Entertainment Theatre 10 Mar 2018 Shaming of the Shrew

Shaming of the Shrew

DECCAN CHRONICLE. | POOJA PRABBHAN
Published Mar 10, 2018, 12:06 am IST
Updated Mar 10, 2018, 12:06 am IST
This play is apt in today’s world where appearances count for everything. Exploring body image issues, Nothing Like That rings true...
A scene from the play
 A scene from the play

The fear of judgement never entirely evades the human mind. And more so — closer home — In the Indian society. Running along a similar train of thought, Nothing Like That is an English play that focuses on perceptions that can make or break us as a society. In a candid chat with the cast and crew, we explore...
“This drama touches upon crucial topics like body image issues which are age-old reasons for harassment and other forms of bullying! The idea was to send out a message that’s loud and clear — that weaknesses and flaws are nothing but elements of the human psyche. We are all hugely flawed and there’s no way through it than acceptance.  It is very necessary that we embrace our shortcomings, look beyond it and be a part of a very inclusive society, which is the need of the hour,” shares Suraj Kiran, tje director, who believes Nothing Like That is a culmination of personal experiences of everyone associated with the play. The play is based on the stubborn yet illogical perceptions that our society has built over the ages! The play opens with five protagonists trying to deal with day-to-day body shamming issues. But, hell breaks loose when their own mirrors begin to start speaking up! “The protagonist’s thought process is then projected through shadow where they are stuck being called bald, short, aged or fat! How do they cross this society barrier is the crux of the play,” adds Suraj.

With an intent to strike a connect with individuals aged between 20 to 70; the play is just a result of what ensues when individuals pursue topics of societal relevance. Varun Marichi, who plays the role of one of the mirrors, chimes, “This play gives the joy of recreating the simple reality that we experience when everybody fails to see the interesting characters around us, but rather their body biases just to label them as dark, short, ugly or FAT. This is to say in fact, it’s NOTHING LIKE THAT!” Enthusing how bringing forth the real you begins in your mind; Prabhasini Mathur, another lead actor, states, “We see ourselves from someone else’s eyes and start judging our own conscience. But in reality, it’s nothing like that. NLT is a step towards making you realise that it’s all in your thoughts and once you come out of those mental barriers your surroundings change as well. So, if you think you are fat or dark or short or bald, go inside your thoughts and break that wall and come see the real YOU.”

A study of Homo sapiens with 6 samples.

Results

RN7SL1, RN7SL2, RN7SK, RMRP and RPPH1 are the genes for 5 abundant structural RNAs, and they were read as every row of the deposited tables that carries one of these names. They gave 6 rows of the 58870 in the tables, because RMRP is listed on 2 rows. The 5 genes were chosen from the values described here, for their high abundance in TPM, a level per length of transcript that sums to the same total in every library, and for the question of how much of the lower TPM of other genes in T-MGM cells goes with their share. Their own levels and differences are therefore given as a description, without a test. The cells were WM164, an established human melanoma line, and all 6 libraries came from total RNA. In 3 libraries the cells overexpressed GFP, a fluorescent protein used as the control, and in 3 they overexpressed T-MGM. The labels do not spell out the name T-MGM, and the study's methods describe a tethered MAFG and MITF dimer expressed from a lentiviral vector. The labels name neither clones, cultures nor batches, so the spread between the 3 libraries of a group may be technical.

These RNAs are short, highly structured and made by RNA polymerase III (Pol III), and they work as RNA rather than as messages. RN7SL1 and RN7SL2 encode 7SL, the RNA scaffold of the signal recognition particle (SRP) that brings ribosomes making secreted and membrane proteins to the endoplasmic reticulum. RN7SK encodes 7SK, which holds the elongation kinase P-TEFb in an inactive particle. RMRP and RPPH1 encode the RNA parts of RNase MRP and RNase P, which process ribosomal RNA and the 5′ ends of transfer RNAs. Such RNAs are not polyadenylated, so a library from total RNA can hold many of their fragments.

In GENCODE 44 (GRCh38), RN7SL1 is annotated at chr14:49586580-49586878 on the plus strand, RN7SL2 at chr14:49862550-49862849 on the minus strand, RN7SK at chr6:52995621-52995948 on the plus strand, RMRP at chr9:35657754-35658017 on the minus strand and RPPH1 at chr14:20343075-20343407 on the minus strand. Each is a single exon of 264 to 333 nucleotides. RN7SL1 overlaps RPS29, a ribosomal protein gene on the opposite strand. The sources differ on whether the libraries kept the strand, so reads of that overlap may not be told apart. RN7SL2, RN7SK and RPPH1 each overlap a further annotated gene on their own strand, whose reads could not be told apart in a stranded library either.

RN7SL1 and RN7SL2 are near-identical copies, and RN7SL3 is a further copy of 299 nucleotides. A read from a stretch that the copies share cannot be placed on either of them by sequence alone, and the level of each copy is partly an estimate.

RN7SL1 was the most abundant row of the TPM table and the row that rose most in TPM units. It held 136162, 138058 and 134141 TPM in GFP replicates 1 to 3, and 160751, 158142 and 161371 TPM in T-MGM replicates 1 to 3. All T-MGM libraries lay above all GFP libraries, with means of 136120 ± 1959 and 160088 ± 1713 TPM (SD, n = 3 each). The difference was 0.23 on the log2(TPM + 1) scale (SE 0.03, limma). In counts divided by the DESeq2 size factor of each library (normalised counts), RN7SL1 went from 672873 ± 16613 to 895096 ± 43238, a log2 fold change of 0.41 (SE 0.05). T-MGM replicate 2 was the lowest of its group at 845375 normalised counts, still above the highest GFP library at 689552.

Expectations are clear — to bring about feelings of acceptance and relevance. “The play caters to every one because we are catering to very basic body image issues which include aging too. That’s why we brought actors from varied ages to come and play a part so that the idea is relatable  to a lot of people,” Abhishek Iyengar, producer of NLT signs off. 

— The play will be premiering at Rangashankara on March 15 at 7:30 pm!